New York City has always been volatile when it comes to crimes. However, reforms in policing and stiffer sentences for all levels of crime have today, made the State and city one of the safest in the country.
For the past few years now, New York City has had a much lower crime rate keeping in mind its high population. The city government has just eased up on some of its judicial rules.
Starting this week, New York City will have new policy rules that will prevent the practice of bringing criminal charges against individuals who are caught drinking alcohol or urinating in public. This a major win for civil right advocates who have fought New York City council to curb the harsh penalties for minor offenses like drinking or urinating in public.
These events will now be considered minor offenses and would be associated with fines rather than being classified as a crime.
A major benefit of this rule is that it will also keep away thousands of individuals out of the city’s criminal courts every year, and relieve the stress on the justice system. These minor offenses will in most cases be treated as civil matters that will be penalized by undertaking community service or a monetary fine. The other benefit of this new law is that it will also prevent many immigrants from being targeted by ICE agents for deportation.
A few months ago, US president Donald Trump signed an order that expanded the focus of Federal agents to include removal of immigrants charged with any type of crime, even before any conviction.
Mayor Bill de Blasio of New York City has not been in agreement with Trump’s approach to immigration policies and the city has refused to cooperate with any federal effort to deport immigrants by not turning them over to federal agents.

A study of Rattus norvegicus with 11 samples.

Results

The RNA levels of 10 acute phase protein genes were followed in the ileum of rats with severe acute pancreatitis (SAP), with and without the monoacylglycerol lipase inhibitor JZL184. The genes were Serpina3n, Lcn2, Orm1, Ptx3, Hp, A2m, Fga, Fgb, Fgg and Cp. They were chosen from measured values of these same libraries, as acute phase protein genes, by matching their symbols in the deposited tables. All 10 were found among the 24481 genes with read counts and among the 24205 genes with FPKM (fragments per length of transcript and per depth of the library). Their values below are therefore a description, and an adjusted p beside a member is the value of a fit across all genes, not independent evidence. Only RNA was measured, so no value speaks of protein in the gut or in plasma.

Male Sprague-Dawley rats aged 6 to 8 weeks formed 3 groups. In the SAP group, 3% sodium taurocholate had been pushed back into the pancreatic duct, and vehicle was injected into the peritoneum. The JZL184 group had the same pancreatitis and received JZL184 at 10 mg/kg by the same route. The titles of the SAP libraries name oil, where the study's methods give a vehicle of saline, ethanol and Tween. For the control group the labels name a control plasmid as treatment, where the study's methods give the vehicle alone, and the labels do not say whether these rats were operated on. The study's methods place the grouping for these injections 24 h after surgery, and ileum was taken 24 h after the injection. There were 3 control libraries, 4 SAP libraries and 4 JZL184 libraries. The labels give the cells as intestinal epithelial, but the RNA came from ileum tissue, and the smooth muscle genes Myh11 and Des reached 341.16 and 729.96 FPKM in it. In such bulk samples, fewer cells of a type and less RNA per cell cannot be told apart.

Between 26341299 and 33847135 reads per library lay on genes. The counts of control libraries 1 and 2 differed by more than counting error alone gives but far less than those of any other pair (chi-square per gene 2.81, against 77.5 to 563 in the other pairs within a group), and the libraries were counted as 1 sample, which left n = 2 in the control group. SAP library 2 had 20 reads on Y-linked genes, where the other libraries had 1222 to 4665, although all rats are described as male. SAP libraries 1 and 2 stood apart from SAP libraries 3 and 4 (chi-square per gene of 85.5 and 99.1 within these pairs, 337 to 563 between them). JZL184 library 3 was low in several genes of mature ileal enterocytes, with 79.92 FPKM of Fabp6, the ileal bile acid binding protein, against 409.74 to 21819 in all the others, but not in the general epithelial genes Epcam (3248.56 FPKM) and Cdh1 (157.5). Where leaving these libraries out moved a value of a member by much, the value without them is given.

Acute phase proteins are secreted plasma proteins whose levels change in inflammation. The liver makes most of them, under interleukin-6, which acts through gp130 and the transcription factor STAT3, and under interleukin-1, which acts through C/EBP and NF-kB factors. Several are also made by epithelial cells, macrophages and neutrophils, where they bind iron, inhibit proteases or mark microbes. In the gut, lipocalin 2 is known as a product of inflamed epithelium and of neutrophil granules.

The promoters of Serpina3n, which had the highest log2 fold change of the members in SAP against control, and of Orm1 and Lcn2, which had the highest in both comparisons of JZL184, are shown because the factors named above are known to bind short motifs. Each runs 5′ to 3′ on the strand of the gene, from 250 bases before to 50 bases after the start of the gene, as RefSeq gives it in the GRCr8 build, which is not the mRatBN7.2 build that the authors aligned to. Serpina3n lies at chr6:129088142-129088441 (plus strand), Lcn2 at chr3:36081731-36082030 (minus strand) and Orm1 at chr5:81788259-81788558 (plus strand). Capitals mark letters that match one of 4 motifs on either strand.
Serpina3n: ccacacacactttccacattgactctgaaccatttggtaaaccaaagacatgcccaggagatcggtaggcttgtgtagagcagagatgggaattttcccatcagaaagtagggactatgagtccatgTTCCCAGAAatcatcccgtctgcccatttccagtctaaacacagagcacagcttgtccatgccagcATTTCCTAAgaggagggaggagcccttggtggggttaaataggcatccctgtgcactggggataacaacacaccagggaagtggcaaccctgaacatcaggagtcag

Sarah Solon, deputy director of the Mayor’s Council of Criminal Justice, stated that in a civil court case, there is a zero chance of any immigration consequences.
Prior to Tuesday any person caught urinating in public would have ended up with a criminal misdemeanor on their record and even fingerprinted. Because these fingerprints are automatically shared with federal law enforcements agencies and Immigration customs enforcement, these individual immediately gain the attention of these officials.
The Legal Aid Society and the American Civil Liberties Union have always argued that New York Police Department’s earlier focus on non-violent offenses and minors was completely unnecessary and more importantly, it placed a whole segment of immigrant population at risk for deportation.
Just last year, nearly 100,000 people were detained or issued criminal citation for public urination and drinking. How many of these were illegal immigrants is not known. However police can still issue criminal charges for individuals on parole or those who have been arrested at least twice for felonies in the past 24 months.